The Combitube and King LT along with the LMA and its successors have revolutionized prehospital airway management and completely changed anesthetic delivery for nonemergent cases. The LMA is now used in the vast majority of elective surgical cases worldwide. These devices have also provided options for rescue ventilation in emergency departments. Prior to these devices, if intubation failed, the only option was mask ventilation or cricothyrotomy. Unfortunately, difficult direct laryngoscopy and difficult mask ventilation can often occur in the same patients. After the invention of effective rescue ventilation devices, failure to place a tube didn’t necessitate an immediate surgical airway. It is reassuring to know that obesity in and of itself is not a problem for effective supraglottic airway use (assuming the patient is placed in head-elevated positioning). The LMA and Combitube were centrally featured in the first Difficult Airway Algorithm, created by the American Society of Anesthesiology in 2004. Along with video laryngoscopes, airway management options have expanded dramatically in the last two decades.
Explore This IssueACEP Now: Vol 37 – No 08 – August 2018
End-Tidal CO2 Detection and Use of Neuromuscular Blockers
Another seminal change in airway management, also from the 1980s, was the widespread adoption of end-tidal CO2 detection for the confirmation of tracheal tube placement and effective ventilation. Prior to this, unrecognized esophageal intubation was a major risk in elective surgical cases and very common in emergency airways. Capnography or colorimetric devices now confirm all intubations in all settings, in or out of the hospital. Academic emergency physicians identified the dangers of unrecognized esophageal intubation and changed the standard of care.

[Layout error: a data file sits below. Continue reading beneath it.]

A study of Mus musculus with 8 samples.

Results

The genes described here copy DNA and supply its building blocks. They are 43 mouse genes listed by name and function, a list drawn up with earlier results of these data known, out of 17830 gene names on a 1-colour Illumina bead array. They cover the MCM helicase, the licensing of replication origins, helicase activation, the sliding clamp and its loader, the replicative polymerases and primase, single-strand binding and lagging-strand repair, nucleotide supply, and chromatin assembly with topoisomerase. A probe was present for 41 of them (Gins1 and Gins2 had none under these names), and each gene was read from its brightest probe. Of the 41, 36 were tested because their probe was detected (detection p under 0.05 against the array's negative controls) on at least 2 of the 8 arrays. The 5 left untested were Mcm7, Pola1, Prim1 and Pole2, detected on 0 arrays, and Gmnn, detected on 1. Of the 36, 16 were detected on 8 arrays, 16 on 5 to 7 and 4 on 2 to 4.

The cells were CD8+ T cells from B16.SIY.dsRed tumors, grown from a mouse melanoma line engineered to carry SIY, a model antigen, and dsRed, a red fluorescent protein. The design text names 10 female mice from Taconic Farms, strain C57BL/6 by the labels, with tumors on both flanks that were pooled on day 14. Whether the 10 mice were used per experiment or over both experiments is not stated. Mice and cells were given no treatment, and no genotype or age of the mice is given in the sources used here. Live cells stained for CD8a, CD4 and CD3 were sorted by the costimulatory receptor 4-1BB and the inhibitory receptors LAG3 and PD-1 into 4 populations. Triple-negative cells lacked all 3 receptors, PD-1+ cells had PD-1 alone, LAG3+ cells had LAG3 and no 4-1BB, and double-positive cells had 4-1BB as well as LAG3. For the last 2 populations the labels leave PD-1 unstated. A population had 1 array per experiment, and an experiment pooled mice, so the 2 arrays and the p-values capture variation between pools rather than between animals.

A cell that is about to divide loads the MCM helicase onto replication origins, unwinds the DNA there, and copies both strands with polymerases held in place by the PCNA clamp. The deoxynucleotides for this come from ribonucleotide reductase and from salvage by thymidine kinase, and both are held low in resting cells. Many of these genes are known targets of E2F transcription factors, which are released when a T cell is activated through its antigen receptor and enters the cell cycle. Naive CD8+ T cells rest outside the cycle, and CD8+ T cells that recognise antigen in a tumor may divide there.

Emergency physicians (led by Ron Walls, MD, and Michael Murphy, MD, in the 1980s) were largely responsible for the widespread adoption of muscle relaxants being used in emergency airways. That coupled with end-tidal CO2 detection and rescue ventilation devices led to a sharp decrease in the number of cricothyrotomies performed in emergency departments. According to Chang et al, at New York’s Bellevue Hospital, cricothyrotomies declined from 1.8 percent in trauma patients to less than 0.2 percent after the initiation of the emergency medicine residency program.1
Prior to the universal establishment of emergency medicine residency programs at academic centers, it was a great challenge for emergency medicine practitioners to acquire formal training in airway management. It’s noteworthy that The Difficult Airway Course (created by Dr. Walls, Dr. Murphy, Robert Luten, MD, and Robert Schneider, MD) has had an incredible impact on disseminating airway education to tens of thousands of emergency physicians. The transition from anesthesia to emergency physicians being the primary airway providers (in trauma and all ED patients) coincided with the growing respect and power of emergency medicine that developed within academic centers. Having been a resident during emergency medicine’s “adolescence,” it is inspirational for me to see emergency physicians as senior administrators of major academic centers and medical schools.